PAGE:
Wrath, greed, sloth, pride, lust, envy and gluttony: These are the “seven deadly sins” Christians have put forth historically. If people choose to engage in these acts, they will face dreadful consequences.

In marriage, there are also “deadly sins.” I call those deadly sins: abuse, addiction and adultery — or “The Three As.”

These deadly sins, if present in a marriage, are difficult to overcome. All attack the marriage’s foundation of trust, friendship and love. Although some marriages have just one deadly sin present, others might have two but really tough situations are when all three are present. The more deadly sins present, the more difficult it is to overcome.


Abuse can be mental, physical and/or emotional. Physical abuse is the most obvious. You know when you are being physically abused, and many times, so do your family members, friends and co-workers. If you are being physically abused in your relationship, put your safety first.

Abusers need help but someone with a controlling personality most likely will never seek it. This will not change and you do not need to be nor should you be the one to help them. They have to want help first.

Just as detrimental, but perhaps not as obvious are the wounds from mental, verbal and emotional abuse. These injuries may be more dangerous because they are not as conspicuous, and others may not see you need help.

Mental and emotional abuse can take many forms, from constant criticism all the way to outright name calling.


Deciding to leave your spouse who has an addiction can be downright heart-wrenching. It can seem cold or cruel to leave someone who clearly needs help. But an addict cannot be helped until he or she is ready to overcome their addiction.

We instinctively want to help the people whom we love and we want them to heal and get better. However, it is impossible to help an addict who does not think he or she has a problem. Thus, any form of assistance becomes enabling, which is one of the worst things you can do for an addict.

If your spouse is still being run by his or her disease and the effects are making your life miserable, make a change. Only you can know when it is time to leave your spouse, but consider the effect on your life, on your children’s lives and what your future will be if you don’t make any changes.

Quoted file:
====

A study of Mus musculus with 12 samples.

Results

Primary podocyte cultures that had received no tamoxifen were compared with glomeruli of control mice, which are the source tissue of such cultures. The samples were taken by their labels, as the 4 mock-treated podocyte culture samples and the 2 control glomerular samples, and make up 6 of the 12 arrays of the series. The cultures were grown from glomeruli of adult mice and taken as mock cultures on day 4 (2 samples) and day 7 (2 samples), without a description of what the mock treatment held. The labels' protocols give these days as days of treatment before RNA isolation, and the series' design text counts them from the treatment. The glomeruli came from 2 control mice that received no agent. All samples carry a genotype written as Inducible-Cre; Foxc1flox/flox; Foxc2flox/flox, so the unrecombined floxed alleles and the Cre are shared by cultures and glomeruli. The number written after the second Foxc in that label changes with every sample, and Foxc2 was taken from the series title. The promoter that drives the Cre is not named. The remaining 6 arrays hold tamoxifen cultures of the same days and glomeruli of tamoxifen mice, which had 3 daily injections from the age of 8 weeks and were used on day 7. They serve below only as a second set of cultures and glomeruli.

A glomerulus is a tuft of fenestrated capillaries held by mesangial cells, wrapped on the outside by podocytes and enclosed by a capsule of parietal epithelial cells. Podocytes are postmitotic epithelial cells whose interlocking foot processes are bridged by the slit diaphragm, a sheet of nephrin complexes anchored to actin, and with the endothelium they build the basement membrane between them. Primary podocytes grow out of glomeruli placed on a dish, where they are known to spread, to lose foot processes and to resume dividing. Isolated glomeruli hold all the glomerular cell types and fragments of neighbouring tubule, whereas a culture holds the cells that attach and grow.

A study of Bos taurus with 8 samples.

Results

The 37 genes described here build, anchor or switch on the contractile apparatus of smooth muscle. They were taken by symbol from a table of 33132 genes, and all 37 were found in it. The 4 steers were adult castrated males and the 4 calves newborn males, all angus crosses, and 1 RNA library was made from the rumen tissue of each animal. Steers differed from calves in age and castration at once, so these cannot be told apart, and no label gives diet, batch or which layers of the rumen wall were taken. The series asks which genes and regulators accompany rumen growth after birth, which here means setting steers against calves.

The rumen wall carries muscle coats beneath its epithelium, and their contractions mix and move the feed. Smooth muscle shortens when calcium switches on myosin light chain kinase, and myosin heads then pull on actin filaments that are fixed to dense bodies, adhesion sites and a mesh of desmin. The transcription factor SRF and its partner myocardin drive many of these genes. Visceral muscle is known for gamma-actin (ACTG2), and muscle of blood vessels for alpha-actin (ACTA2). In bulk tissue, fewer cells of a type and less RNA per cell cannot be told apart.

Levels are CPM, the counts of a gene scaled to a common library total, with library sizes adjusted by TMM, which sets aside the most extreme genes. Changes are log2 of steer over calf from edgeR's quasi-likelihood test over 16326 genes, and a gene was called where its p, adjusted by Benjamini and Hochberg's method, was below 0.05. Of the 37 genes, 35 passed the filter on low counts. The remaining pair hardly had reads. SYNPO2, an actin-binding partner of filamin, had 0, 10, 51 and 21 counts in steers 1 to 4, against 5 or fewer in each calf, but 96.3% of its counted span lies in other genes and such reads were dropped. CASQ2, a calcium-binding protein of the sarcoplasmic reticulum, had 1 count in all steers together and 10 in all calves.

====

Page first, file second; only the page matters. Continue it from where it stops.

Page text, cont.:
Assume that your addicted spouse will not change or will only get worse. Assuming that they might change and get better will not help you and is not realistic.


For most people, few things are more devastating in life than to learn you have a cheating spouse. In most divorces, infidelity is an often-cited reasons for the relationship’s demise.

Statistics show that 33 percent of men and 19 percent of women admitted to being unfaithful.

Also interesting is the frequency of how often people said they cheated. Seventeen percent of women responders who were sexually unfaithful and 23 percent of men said it happened only once; and 36 percent of women and 33 percent of men said it happened two to five times. That means more than 40 percent of unfaithful men and women admitted they were unfaithful regularly.

By the way, cheating is no longer limited to just physical sexual escapades. Emotional affairs can be just as detrimental to a marriage.

With the tidal wave of social media, this topic has roared into our lives and is here to stay. It is wise to beware of all forms of infidelity.

In a divorce, infidelity can mean absolute nothing or can mean everything. Many states have adopted the “no-fault” approach to divorce, meaning that infidelity is essentially irrelevant unless the cheating spouse has spent a lot of money on the other person, in which case the wronged spouse would be entitled to one-half of that amount. In states where grounds to divorce are still required, then infidelity might have a starring role.

The Bottom Line

Relationships are like live plants. To flourish, they need to be fed and nurtured.

Marriages also need nurturing and cultivation for it to grow and thrive. Sometimes, when it becomes a struggle and effort by nourishing it with date nights, attention to each other, attending marriage classes and counseling, it will perk up and bloom again.

Other times, it just cannot be revived no matter your efforts.

That’s when “conscious uncoupling,” might be appropriate.

Rebecca Zung, a family law attorney, is a founding partner of the Law Office of Zung Clough, PLLC in Naples. As a renowned divorce authority, she helps clients transform and rebuild their lives. Her book, “Breaking Free: A Step-by-Step Divorce Guide to Emotional, Physical and Spiritual Freedom,” is available on amazon.com. Contact Zung at RebeccaZung.com or rzung@zungfamilylaw.com.